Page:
I’ve lost count of the times I’ve sung Handel’s Messiah, always in the context of a large choral society or the massed voices of a ‘come and sing’. So it was a special treat to let someone else do the work, and an interesting contrast to have this familiar oratorio delivered by a smaller ensemble.

Worcester Cathedral Chamber Choir was founded in 1998, adding female voices to the Cathedral’s musical forces for the first time in its long history. Under Stephen Shellard’s direction, the 36-strong choir was sensitively accompanied by thirteen musicians of Worcester Chamber Orchestra – just one instrument per part – and a quartet of soloists. This intimate company had its work cut out filling the glorious space of Worcester Cathedral, but by the same token the tighter ensemble made for more controlled light and shade, and when the big moments came they were especially dramatic.

Despite being more commonly aired at Christmas, Easter time is more appropriate for Messiah, reflecting its first performance in April 1742 in Dublin, and being an affirmation of the Christian faith. Handel wrote it in a bid to reverse his fortunes after a downturn in the popularity of his considerable operatic output, and he is said to have completed it within three weeks. The libretto was compiled by Charles Jennens, drawing on biblical texts and exploring not only the advent, birth, passion, death and resurrection of Christ, but also the spiritual legacy of his teachings. Partly due to a clever bit of PR, it was a big success in Dublin. It was a little slower to catch on in London, but really took hold in the 19th century with the nationwide establishment of amateur choral societies, who enjoy its richness and variety.

From the outset the orchestra demonstrated poise and balance. Tenor Wilhelm Theunissen then set the scene with clear emotion-charged diction, ushering in the choir’s entry ‘And the glory of the Lord’. It was clear the audience – not a full house, but enough to generate an appreciative response – needn’t worry about pitch or timing issues, as the singing was secure and confident. Fugue subjects in this and subsequent numbers were crisp, with commendable teamwork in the dynamics, which allowed each section to occupy the spotlight as and when required, and creating a lovely rich texture. The soloists all interpreted the story with feeling and lyricism, and with minimal reference to copies so that a connection with the audience was maintained. The alto line was sung by countertenor Sebastian Field, with a pleasing rich tone and expressive cadences, although I found the lower reaches of his register less audible. Tim Cox, a founder member of the choir, tackled the considerable challenges of the bass arias’ lengthy phrases with a resonant voice and comfortable stage presence. Sheila Davies, also a member of the choir, injected a sense of excitement and anticipation into the sequence that tells the shepherds’ story, and a sense of optimism in her pure, confident rendition of ‘I know that my Redeemer liveth’.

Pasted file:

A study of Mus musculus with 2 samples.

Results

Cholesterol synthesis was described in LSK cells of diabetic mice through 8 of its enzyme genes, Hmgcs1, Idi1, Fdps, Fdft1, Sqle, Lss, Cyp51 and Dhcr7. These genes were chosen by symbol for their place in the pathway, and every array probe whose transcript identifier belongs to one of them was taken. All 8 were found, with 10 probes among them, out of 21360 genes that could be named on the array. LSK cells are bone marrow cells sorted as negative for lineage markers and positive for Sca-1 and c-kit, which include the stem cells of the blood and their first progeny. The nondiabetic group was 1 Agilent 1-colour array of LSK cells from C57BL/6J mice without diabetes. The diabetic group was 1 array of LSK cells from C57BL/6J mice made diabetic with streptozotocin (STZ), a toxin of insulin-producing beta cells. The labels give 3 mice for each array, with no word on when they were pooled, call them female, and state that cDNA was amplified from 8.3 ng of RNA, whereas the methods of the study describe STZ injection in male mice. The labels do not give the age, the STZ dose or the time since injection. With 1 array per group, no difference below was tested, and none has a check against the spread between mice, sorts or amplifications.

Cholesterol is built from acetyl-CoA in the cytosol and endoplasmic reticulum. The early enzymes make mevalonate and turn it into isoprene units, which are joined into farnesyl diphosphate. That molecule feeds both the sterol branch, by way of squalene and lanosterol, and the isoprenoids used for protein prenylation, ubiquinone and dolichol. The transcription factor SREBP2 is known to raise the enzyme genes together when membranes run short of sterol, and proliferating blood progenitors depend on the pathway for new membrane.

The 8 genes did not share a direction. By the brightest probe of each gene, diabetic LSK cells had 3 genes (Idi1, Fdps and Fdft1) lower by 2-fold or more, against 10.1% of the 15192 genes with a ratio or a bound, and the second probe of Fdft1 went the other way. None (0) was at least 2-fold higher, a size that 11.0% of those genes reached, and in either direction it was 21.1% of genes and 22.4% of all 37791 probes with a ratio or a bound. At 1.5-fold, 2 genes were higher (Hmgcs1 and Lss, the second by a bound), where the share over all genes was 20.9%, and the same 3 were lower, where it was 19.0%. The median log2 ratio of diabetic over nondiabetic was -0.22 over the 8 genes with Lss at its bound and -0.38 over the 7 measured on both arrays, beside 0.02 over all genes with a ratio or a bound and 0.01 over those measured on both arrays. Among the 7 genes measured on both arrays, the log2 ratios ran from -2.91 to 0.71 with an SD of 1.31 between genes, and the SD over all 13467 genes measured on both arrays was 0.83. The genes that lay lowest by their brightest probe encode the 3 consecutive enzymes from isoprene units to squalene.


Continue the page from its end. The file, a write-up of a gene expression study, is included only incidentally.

Handel’s choruses, variously thought-provoking, exuberant, moving and life-affirming, gave impetus to the developing narrative. The choir sang ‘For unto us a child is born’ with a light touch, evoking a joyful mood, although they could have emphasised the thrilling line ‘Wonderful! Counsellor!’ by dwelling a little longer on the first syllables of the names to be bestowed upon the Messiah. They became more expressive in ‘Glory to God’, the building seeming to respond to the well-tuned sentiments of praise.

The choir was responsive to the call for dramatic contrasts, the slow tempo of ‘And with his stripes’ like a soothing balm following the aggression of ‘iniquities’ and ‘chastisement’ in the previous number. They achieved the necessary mocking tone in ‘He trusted in God’, although greater attention to consonants throughout would have added impact.

The basses were commanding in announcing, fanfare-like, ‘The Lord gave the word’, and excitement built with the cracking pace of ‘Let us break their bonds’, setting us up nicely for the Hallelujah Chorus. The addition at this point of timpani and a couple of excellent period trumpets breathed extra life into the proceedings. This was mirrored in the final part, with the hymn of praise ‘Worthy is the Lamb’ filling the vast space and culminating in the tour de force ‘Amen’, the fugal entries like a curtain call, showcasing section by section this compact but accomplished choir.